CMU’s ‘Giving Tuesday’ sets records for online donations

Credit: Courtesy of Carnegie Mellon University Credit: Courtesy of Carnegie Mellon University Tables set up in the Jared L. Cohon University Center on Tuesday campaigned for students, faculty, and staff to donate to the Carnegie Mellon University’s Giving Tuesday initiative. (credit: Rae Lasko/) Tables set up in the Jared L. Cohon University Center on Tuesday campaigned for students, faculty, and staff to donate to the Carnegie Mellon University’s Giving Tuesday initiative. (credit: Rae Lasko/)

Carnegie Mellon broke previous fundraising records this year during its second significant effort to fundraise for campus groups during a larger national day of giving. The university participated in #GivingTuesday, a global day of giving started by New York cultural center 92nd Street Y in 2012, by encouraging university constituents to give back to campus. #givingCMUday is Carnegie Mellon’s take on the event.

The Office of Alumni Relations and Annual Giving first embraced the event last year, largely carrying it out through social media, drawing out 533 donors. This year, the office set a goal to increase that donor count by 18 percent, to 630 donors. Their final donor count nearly doubled that number — 1,209 students, parents, alumni, staff, and faculty turned out to surpass that goal, according to the university’s official #givingCMUday website. They also broke the university’s record for the most donations received in one day, from 878 previously. These gifts amounted to $180,487.01.

The turnout overloaded the online system, according to Director of Annual Giving Mary Ann McCollough. This then prompted donors to call in gifts and pledge to send donations by mail. McCollough said that the Office of Annual Giving’s goal was to encourage donors to understand that “there are thousands of funds in this university. Whether it’s your college, your department, your club, your organization, give where you believe need[s] support.”

Carnegie Mellon’s standard donation form, which is hosted on, gives donors the option to choose any campus fund ranging from academic departments and student activities, to athletic teams and Greek organizations.

The Office also ran five planned social media challenges and one pop-up challenge throughout the day, including one which asked campus members to tweet which fund they believe is most important to Carnegie Mellon and encouraging them to post a photo wearing Carnegie Mellon swag or plaid. Randomly selected winners received $500 toward their fund of choice.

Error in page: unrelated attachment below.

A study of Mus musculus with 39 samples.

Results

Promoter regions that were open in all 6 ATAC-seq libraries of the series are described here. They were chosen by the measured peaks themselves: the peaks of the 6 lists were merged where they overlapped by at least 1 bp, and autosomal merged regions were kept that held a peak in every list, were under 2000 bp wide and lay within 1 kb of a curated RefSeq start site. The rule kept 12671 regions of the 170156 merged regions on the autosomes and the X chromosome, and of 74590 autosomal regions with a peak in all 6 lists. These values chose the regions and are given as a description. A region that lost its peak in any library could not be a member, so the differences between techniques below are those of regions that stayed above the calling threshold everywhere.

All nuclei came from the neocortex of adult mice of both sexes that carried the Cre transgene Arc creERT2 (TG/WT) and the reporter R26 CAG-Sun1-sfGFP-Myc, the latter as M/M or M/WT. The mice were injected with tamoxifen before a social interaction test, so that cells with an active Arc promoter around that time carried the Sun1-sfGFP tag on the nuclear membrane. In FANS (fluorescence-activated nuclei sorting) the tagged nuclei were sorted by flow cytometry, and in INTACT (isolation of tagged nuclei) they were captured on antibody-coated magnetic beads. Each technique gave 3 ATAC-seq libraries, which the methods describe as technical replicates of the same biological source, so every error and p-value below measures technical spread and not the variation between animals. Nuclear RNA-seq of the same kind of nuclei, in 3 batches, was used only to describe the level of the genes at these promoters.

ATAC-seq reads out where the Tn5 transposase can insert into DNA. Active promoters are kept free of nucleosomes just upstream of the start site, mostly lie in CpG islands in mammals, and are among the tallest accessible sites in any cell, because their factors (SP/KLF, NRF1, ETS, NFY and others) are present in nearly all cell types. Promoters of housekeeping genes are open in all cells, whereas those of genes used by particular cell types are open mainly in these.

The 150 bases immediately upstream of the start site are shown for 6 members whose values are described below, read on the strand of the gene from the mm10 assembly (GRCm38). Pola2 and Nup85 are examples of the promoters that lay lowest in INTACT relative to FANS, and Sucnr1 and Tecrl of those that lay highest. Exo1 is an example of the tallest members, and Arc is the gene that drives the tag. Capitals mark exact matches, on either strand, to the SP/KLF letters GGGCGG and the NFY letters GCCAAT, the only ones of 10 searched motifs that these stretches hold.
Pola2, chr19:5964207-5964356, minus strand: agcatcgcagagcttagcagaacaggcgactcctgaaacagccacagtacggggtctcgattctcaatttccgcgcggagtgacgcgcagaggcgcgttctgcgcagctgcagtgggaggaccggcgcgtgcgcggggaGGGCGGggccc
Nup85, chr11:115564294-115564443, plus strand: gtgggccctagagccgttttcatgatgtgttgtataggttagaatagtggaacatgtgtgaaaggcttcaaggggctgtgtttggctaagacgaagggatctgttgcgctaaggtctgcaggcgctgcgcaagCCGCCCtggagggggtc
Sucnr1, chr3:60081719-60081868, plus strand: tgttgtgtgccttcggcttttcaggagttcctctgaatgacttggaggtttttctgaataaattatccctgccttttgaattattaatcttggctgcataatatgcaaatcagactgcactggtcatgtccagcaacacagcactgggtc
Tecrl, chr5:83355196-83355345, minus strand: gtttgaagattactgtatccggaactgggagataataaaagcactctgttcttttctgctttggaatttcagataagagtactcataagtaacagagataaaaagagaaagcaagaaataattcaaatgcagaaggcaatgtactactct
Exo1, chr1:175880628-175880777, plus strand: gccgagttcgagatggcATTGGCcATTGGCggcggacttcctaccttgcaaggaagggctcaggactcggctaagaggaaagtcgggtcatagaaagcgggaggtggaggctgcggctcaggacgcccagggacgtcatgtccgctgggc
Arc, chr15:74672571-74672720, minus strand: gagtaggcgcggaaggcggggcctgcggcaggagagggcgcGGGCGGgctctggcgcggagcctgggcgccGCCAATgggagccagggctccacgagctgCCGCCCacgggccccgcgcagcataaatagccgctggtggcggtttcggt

The School of Drama Showcase and a currently unannounced winner as of press time received money for a challenge that asked campus members to tell how Carnegie Mellon philanthropy impacts their lives.

Kappa Alpha Theta and service organization Juntos received money for a challenge to film a Vine wishing a stranger “Happy #givingCMUday.” Winners of other challenges include Camp Kesem, a group that organizes recreational camps for children of parents with cancer, the Tepper Class of 2016, and Mock Trial, among others.

In addition to these challenges, representatives from the Office of Annual Giving tabled in the Jared L. Cohon University Center, where they asked students to write the name of an organization they believe deserves $500 on a heart-shaped sticky note to post on the wall.

Thanks to the generosity of five alumni donors, five of the 362 notes were randomly selected to win $500. Another almunus offered to match student donations up to $500 in donations to support the Presidential Fellowship and Scholarship program.

However, the reception among students was not as overwhelming. Senior civil engineering major Erin Persson said that “Most of us don’t have steady income or extra money to give out, and we shouldn’t be expected to give more as students.” In order to combat this type of negative reaction, McCollough shared that in future years the office plans to do more advertising prior to the event to ensure better student understanding. “First it’s the awareness, then it’s the education, and then it’s participation. And we have to continue to cultivate that,” said McCollough. “Fundraising is no longer a letter in the mail.”

In July, Carnegie Mellon hired Scott Mory as vice president for university advancement in order to spark fundraising efforts.

Previously, Mory led the efforts of the University of Southern California on a campaign to raise $6 billion, one of the largest university campaigns in history.

This comes alongside recent efforts focused on giving such as last November’s launch of which allows student organizations to use the platform for 30 days, and the donation incentives for the class of 2015. Because giving factors into the algorithm that determines university ranking, Carnegie Mellon is making efforts to better its standing.

The larger #GivingTuesday initiative raised $116.7 million this year, with 698,961 donations made at a mean gift size of $107.47, according to the initiative’s website.